Hoca




When men say this, they are usually attempting to change what they perceive as the woman’s overfocus on the kids to the detriment of the marriage. Women think more about the kids than their husbands usually understand, and this is natural and normal (although can be excessive and harmful when taken to extremes). Therefore, they often respond with, “the kids are only young once, and we have our whole lives.”

To a large extent, this makes sense. Imagine if your wife told you that you shouldn’t have a career because at some point, your parents would die and you would likely inherit enough money to live on. (The plot, to some extent, of one of my favorite books.) How about if she told you that one day you would likely lose your ability to have an erection, so you should practice only using a sex toy on her and never having intercourse. In both scenarios, you are deferring current pleasure, fulfillment, and/or purpose for possible future semi-pleasure, keeping in mind that of course, you may be hit by a car before receiving the inheritance or getting to old age at all!

Remember, many women initiate divorce when the kids leave the house. This makes sense if the marriage is unhappy, as it is fairly dysfunctional and martyr-like to remain in a marriage that isn’t working for the entirety of your life, despite your kids being grown and gone. It may not be that bad of a thing in your wife’s eyes to remain together for the kids, focusing on them and the family unit, and then deal with whether the marriage is working or not once the kids are gone.

Telling your wife that she will regret a lack of focus on the marriage will also strike her as potentially extremely inaccurate. Most people know many older single women who are very happy and fulfilled with their lives, filling their days with work, hobbies, friends, and spending time with family. Many older women feel liberated from the demands of marriage after divorce, or even after widowhood. Women’s priorities often shift starting in their 40’s and certainly after menopause, along with their changed hormones. This means that they are less fulfilled by intimate relationships and caretaking, and are more fulfilled by focusing on their own interests and activities, as discussed here.

If your wife is close to any older female family members, she likely understands that her sex drive and focus on romantic partnership is likely to drop over time, and her interests will broaden beyond how her marriage is doing. The grandmother hypothesis is the evolutionary theory that women live longer than men in order to help with their grandchildren, which gives the grandchildren a higher rate of survival because they have one more “alloparent” (caregiver who isn’t the biological parent). This intrinsic drive is why women are often more involved grandparents than their husbands expect… or even than they expected to be before they saw the new baby!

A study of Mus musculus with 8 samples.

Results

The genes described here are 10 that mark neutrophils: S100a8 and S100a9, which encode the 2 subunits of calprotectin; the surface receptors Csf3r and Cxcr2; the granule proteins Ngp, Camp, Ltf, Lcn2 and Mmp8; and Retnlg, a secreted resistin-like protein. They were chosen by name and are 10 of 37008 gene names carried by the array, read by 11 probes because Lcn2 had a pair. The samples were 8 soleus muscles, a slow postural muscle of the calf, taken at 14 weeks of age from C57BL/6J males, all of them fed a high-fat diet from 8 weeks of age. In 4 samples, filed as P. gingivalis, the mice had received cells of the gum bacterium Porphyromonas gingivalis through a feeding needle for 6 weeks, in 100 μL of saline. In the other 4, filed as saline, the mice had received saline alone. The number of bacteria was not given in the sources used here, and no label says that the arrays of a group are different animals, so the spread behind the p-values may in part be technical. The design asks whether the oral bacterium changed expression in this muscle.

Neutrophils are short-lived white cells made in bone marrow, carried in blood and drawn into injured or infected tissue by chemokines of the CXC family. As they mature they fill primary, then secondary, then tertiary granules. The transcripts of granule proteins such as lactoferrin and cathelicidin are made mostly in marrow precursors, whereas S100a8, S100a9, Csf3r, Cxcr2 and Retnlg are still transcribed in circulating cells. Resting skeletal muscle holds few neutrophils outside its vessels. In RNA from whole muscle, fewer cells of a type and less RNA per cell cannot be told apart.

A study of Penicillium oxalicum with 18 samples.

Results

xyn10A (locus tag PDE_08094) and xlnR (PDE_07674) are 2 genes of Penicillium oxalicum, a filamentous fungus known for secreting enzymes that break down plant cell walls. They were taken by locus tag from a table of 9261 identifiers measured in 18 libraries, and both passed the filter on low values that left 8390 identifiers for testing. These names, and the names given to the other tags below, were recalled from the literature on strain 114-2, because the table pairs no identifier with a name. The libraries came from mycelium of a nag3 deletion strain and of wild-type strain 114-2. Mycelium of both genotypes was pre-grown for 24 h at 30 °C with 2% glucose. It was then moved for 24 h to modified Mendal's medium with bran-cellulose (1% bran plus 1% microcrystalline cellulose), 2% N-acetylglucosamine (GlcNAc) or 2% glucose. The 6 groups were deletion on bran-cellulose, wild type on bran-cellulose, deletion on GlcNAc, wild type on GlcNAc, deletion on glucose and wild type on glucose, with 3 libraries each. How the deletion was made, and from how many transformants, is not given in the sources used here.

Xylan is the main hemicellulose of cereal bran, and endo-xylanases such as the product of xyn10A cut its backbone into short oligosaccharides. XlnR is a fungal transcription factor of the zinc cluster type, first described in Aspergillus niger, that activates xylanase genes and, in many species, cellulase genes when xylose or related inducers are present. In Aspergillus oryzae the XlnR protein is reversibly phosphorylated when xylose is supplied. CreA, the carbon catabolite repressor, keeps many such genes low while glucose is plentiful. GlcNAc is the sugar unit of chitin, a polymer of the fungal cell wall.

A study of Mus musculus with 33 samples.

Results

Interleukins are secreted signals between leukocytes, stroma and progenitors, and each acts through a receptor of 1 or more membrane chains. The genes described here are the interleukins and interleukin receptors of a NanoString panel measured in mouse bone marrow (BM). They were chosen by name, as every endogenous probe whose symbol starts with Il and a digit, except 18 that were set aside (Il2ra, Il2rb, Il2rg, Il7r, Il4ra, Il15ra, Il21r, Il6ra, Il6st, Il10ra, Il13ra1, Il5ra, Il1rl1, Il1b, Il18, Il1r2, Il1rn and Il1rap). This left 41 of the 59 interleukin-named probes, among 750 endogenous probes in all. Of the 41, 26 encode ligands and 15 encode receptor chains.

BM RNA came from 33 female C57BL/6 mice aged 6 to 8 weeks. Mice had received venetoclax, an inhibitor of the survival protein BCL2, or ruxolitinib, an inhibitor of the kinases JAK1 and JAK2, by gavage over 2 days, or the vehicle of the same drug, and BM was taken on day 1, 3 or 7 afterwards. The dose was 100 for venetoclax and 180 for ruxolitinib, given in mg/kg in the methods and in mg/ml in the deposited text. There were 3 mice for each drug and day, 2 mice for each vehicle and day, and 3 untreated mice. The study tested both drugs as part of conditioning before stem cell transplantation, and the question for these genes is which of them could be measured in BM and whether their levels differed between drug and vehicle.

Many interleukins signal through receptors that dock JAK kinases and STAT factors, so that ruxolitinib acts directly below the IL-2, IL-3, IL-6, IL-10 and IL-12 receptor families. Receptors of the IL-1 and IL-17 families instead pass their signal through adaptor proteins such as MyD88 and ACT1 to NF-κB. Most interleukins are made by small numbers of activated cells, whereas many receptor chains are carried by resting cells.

How then can a man bring up his wife ignoring their romantic partnership without giving vague long term threats? As discussed in the below video, there is a much better motivator for women to work on their marriages while the kids are young…. the kids themselves! Biologically and evolutionarily speaking, a woman’s first priority is her kids, not her marriage. She can find another husband, or not, but her genetic material lives on through the kids. But many women who ignore their marital relationship do not realize, until we discuss this idea in couples counseling, that their disconnected marriage is the template that their kids are internalizing. Most women want their kids to be in loving and close marriages, but don’t realize that kids need to observe a loving marriage in order to have the skills to create one. Otherwise, they will replicate whatever dysfunctional dynamic they saw growing up, which I discuss here… and it’s divided for each gender here and here.


If this post resonated with you, understand that you and your wife may have very different ideas about the empty nester years (which you should discuss), but are likely on the exact same page about wanting your kids to develop the skills to be in a loving romantic relationship one day. Kids are happier when parents are more connected, and they learn what a reciprocal and close intimate partnership looks like. This can be your motivational speech to your wife to change her mind about the importance of working on your marriage while the kids are still at home, and it will resonate much more than some nebulous idea about future regrets that may be quite unlikely for her to ever to feel. And until we meet again, I remain, The Blogapist Who Says, More Ways To Convince Her To Go To Couples Therapy Are Here And Here!